Fraud deterrence involves proactively identifying and removing the potential causes and opportunities for fraud in an organization. The goal of fraud deterrence is not only to prevent fraud from occurring but also to discourage individuals within an organization from even attempting to commit fraudulent acts.
Fraud deterrence is typically a part of a larger risk management strategy within a company. It is based on the idea that by making fraud more difficult to commit, less rewarding, and more likely to be detected, individuals will be less likely to engage in fraudulent behavior.
Elements of a fraud deterrence strategy may include:
- Establishing a Strong Ethical Culture: An organization that emphasizes honesty, integrity, and ethical behavior can help deter individuals from committing fraud. This can include a strong ethics policy, ethics training, and a leadership team that sets a good example.
- Implementing Internal Controls: Strong internal controls, such as segregation of duties (different people are responsible for different parts of a process), mandatory vacations (someone else has to do a person’s job while they’re out, possibly revealing irregularities), and regular audits can make it more difficult for individuals to commit fraud.
- Regularly Monitoring and Auditing: Regular monitoring of financial transactions and periodic audits can increase the likelihood that fraud will be detected, thus acting as a deterrent.
- Establishing Reporting Mechanisms: Having clear procedures for reporting suspected fraudulent activity, including anonymous reporting options, can deter fraud. Employees are more likely to report suspicious activities if they know how to do so and feel safe in doing it.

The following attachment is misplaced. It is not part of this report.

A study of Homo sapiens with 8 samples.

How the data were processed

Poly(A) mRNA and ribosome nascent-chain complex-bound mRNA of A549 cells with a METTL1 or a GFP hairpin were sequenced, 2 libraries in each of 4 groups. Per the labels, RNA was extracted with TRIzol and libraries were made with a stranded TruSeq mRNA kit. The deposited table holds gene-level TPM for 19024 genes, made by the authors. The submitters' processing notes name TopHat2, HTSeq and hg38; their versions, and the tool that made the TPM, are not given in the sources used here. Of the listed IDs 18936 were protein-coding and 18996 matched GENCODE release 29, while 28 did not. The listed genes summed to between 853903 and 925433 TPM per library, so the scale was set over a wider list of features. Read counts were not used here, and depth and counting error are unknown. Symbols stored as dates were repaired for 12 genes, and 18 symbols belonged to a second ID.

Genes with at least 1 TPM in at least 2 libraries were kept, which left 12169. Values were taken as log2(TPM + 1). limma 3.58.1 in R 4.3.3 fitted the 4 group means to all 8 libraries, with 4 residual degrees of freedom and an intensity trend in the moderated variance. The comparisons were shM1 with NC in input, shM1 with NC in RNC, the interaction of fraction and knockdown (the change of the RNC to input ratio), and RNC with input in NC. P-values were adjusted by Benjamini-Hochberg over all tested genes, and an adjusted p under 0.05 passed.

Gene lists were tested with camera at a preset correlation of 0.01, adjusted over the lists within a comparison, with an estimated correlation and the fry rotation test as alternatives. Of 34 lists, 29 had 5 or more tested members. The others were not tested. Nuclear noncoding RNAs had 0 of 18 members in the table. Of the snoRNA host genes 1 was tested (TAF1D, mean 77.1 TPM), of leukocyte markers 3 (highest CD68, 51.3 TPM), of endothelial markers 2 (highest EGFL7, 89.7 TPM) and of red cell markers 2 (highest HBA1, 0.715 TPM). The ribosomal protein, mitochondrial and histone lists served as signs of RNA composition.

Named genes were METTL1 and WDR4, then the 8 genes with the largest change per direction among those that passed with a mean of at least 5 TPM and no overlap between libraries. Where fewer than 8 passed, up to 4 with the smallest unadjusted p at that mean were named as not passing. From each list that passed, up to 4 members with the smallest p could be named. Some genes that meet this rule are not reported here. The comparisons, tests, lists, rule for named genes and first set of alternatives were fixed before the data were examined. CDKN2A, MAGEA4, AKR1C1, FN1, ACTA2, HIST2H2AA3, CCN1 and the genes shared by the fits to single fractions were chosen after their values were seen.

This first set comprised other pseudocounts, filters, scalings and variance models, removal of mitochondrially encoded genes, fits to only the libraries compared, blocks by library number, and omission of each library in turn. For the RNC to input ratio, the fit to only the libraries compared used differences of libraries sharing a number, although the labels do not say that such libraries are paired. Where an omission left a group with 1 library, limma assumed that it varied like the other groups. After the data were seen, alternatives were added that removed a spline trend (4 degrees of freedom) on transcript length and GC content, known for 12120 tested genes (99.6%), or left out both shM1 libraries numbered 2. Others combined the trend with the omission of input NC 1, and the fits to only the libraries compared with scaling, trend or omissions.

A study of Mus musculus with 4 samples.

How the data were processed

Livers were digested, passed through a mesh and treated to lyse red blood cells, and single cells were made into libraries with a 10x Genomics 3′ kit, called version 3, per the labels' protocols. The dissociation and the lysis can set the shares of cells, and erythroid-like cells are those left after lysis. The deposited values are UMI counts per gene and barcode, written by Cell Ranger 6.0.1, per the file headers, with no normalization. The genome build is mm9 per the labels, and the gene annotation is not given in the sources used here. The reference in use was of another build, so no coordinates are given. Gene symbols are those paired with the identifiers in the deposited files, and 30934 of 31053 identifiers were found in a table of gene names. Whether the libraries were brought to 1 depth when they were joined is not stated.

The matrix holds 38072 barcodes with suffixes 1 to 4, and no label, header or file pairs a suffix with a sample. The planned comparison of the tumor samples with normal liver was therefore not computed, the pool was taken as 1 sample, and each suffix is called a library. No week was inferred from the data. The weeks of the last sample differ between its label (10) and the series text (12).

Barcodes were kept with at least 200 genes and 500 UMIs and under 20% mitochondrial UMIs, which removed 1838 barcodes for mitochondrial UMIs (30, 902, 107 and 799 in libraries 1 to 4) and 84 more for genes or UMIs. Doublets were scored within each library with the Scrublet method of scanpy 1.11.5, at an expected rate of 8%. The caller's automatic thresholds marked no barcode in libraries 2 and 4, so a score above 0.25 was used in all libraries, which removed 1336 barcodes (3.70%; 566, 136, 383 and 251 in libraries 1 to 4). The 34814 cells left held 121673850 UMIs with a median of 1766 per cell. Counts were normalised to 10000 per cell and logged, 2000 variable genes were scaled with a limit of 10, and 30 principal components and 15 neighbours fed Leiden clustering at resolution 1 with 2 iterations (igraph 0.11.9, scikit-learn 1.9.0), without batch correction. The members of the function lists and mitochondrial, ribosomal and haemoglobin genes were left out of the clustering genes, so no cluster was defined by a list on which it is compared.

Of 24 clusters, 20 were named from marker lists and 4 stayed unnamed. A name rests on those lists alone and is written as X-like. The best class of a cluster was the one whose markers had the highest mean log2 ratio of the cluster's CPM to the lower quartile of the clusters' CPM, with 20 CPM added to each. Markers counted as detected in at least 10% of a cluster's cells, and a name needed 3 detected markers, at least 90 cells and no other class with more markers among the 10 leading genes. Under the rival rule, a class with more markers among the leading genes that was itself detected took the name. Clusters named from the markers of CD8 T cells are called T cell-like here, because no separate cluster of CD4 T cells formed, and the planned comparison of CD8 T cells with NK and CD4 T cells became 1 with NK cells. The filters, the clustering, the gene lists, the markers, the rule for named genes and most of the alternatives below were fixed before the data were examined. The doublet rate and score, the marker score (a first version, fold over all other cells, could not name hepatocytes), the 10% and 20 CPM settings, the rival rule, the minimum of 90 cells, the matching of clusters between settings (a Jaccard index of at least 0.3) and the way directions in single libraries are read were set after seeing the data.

- Enforcing Consequences: If fraud is detected, enforcing consequences – such as disciplinary action, termination, or legal action – can serve as a deterrent to other individuals.
- Risk Assessment: Regularly conducting fraud risk assessments can help identify vulnerabilities and take corrective action before fraud occurs.
Fraud deterrence measures can be highly effective in minimizing the risk of fraud within an organization, but they cannot entirely eliminate the possibility of fraud. Therefore, companies should also have measures in place to detect and respond to fraud promptly when it does occur.
Example of Fraud Deterrence
Let’s consider a hypothetical example involving a large manufacturing company that we’ll call “ManuCo.”
ManuCo has several manufacturing plants and thousands of employees. The management team of ManuCo wants to proactively deter fraud within their organization. Here’s how they might implement a strategy for fraud deterrence:
- Strong Ethical Culture: The management team begins by establishing a clear code of ethics that outlines acceptable and unacceptable behavior. This code of ethics is communicated to all employees, and every employee is required to attend ethics training annually. The management team consistently emphasizes the importance of ethics and integrity in all business activities.
- Internal Controls: ManuCo segregates duties within its financial department. For example, the person who authorizes payments is not the same person who reconciles the bank statements. They also implement a policy that requires mandatory vacations for employees in key financial roles. These measures make it more difficult for any single employee to commit fraud.
- Regular Monitoring and Auditing: The company has an internal audit department that conducts regular audits of various areas of the company’s operations. They also use data analysis software to monitor financial transactions and identify any unusual or suspicious patterns that could indicate fraud.
- Reporting Mechanisms: ManuCo establishes a confidential hotline that employees can use to report any suspicious activity without fear of retaliation. They communicate the existence and purpose of this hotline to all employees.
- Enforcing Consequences: The company clearly communicates that any fraudulent behavior will result in severe consequences, including termination and potential legal action.
- Risk Assessment: ManuCo conducts regular fraud risk assessments, identifying areas of potential vulnerability and taking action to address these risks.
Over time, these measures help to create an environment where fraud is less likely to occur. Employees know that unethical behavior is not tolerated, they understand the high likelihood of getting caught due to strong internal controls and regular monitoring, and they know that they can safely report any concerns. As a result, potential fraudsters are deterred from committing fraudulent acts.